The Covid-19 pandemic and ensuing crises have laid bare how our political economy is set up to reinforce, rather than combat, racial, gender, economic, and spatial inequality. In response, the intersectional racial and social justice organizing that has grown out of Covid-19 and the movement for Black lives has brought national attention to the need to implement new solutions toward a regenerative economy.
However, rising calls to advance social and racial justice have yet to be answered with commitments to structural change in Western New York. In just the past few weeks, a public agency in Hamburg greenlighted nearly $7 million in tax incentives for Amazon to bring a few dozen low-wage jobs. And a probe by New York State revealed ongoing practices of redlining.
Lack of progress toward structural change is not necessarily due to government inaction. Public agencies are actively engaged in meeting urgent Covid-related needs and reforming inequitable policies and practices. Unfortunately, an equitable, sustainable society cannot come from simple adjustments to unfair and discriminatory institutions. The path to a better world is one that collectively and continuously remakes the systems from which inequitable institutions emerge. Change requires a shift from focusing on events, like locally unwanted development projects, to understanding and democratically redesigning the structures that produce those events. Such change is the work not of reformers tweaking current institutions, but of reformers collectively (re-)imagining and (re-)forming new ones.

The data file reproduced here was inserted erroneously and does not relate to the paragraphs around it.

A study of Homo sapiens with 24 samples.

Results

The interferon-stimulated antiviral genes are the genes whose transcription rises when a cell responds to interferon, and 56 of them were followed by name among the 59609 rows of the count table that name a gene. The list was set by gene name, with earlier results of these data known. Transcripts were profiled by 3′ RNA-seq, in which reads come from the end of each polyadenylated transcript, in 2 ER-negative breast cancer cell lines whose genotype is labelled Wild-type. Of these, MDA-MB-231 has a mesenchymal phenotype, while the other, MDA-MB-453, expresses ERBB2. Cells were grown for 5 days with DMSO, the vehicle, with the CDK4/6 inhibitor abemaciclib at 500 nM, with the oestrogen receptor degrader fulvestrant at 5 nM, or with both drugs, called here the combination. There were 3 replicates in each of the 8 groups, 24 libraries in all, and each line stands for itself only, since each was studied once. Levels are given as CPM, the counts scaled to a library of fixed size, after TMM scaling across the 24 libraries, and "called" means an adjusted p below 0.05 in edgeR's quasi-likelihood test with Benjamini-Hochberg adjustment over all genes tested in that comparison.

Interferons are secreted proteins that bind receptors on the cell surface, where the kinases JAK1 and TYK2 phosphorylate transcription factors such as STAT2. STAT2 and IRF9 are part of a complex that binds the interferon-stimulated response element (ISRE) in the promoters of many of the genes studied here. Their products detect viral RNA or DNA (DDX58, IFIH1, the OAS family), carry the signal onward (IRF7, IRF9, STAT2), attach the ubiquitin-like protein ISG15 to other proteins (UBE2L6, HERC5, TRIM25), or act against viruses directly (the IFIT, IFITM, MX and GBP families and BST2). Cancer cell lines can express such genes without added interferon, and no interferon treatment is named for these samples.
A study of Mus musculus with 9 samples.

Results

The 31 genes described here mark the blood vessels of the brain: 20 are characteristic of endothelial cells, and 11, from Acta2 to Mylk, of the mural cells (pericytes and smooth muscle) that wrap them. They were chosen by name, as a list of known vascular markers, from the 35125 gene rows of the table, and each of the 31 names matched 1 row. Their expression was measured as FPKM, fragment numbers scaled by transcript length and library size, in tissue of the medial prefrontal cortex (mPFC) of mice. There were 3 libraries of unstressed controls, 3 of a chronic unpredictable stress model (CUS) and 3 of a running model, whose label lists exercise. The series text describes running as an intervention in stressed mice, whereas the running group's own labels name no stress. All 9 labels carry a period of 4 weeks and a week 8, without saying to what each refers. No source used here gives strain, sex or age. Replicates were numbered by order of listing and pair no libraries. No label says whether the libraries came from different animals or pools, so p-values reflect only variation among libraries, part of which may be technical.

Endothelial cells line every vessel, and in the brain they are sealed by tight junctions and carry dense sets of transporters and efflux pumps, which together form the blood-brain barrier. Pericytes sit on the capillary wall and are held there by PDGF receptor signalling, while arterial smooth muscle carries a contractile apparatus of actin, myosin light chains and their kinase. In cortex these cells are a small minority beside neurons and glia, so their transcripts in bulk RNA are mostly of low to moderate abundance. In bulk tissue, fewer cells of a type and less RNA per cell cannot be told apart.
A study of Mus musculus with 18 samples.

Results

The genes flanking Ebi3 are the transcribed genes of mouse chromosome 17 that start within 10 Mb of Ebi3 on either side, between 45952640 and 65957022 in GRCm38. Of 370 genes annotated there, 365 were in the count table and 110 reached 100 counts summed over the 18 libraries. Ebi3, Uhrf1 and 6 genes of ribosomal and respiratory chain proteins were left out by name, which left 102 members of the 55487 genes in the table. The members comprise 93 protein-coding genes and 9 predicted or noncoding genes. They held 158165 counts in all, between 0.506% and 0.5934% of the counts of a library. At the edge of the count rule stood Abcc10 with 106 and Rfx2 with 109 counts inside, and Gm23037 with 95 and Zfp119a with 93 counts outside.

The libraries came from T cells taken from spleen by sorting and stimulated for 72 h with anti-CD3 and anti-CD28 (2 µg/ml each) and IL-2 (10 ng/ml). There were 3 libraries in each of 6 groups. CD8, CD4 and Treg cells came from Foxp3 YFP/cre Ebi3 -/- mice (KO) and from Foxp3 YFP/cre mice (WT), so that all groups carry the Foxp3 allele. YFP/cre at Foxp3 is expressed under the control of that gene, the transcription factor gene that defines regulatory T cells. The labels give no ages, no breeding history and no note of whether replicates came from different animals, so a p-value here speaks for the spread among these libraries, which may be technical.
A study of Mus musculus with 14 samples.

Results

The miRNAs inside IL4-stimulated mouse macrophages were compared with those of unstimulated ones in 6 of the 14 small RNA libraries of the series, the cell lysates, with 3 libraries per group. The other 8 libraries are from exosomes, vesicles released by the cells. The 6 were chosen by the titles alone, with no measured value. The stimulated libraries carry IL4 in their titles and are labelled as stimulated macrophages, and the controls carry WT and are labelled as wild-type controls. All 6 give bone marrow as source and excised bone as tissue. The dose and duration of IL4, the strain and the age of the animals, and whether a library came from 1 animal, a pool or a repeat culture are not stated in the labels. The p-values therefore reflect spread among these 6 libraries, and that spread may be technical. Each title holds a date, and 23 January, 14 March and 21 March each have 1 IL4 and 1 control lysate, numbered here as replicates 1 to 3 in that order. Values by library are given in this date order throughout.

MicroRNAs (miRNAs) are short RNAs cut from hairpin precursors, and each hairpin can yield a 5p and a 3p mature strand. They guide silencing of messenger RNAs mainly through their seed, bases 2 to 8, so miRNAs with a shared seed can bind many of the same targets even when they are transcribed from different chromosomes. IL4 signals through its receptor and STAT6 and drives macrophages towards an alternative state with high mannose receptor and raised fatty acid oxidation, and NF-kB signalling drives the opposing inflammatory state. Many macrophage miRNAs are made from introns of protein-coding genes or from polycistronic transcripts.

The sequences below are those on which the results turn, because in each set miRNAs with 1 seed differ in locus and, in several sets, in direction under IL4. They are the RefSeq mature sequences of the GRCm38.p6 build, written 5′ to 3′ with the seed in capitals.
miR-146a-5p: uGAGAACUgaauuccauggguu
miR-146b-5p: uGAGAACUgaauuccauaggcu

One reformative change that can begin answering the growing calls for social, racial, gender and economic justice in Buffalo is a rights-based charter. To date, around 200 local governments in 12 states have passed rights-based ordinances or adopted rights-based charters or charter amendments. These tools leverage municipal home rule powers to institutionalize environmental rights, worker rights, rights of nature and democratic rights into local government practices.
Codifying these rights in Buffalo can be a giant step toward a more inclusive and democratic economy and society – and doing so is in reach. By state law, any of the mayor, council or a citizen-driven ballot initiative can create a Charter Revision Commission. Such a commission can begin public education and outreach and collaborate with community stakeholders to draft a rights-based charter.
To read our proposal for Chartering an Inclusive, Sustainable, Democratic City, visit www.highroadpolicy.org.
Russell Weaver, Ph.D., is research director at the Cornell ILR Buffalo Co-Lab. Jason Knight, Ph.D., AICP, is associate professor in the SUNY Buffalo State Geography and Planning Department.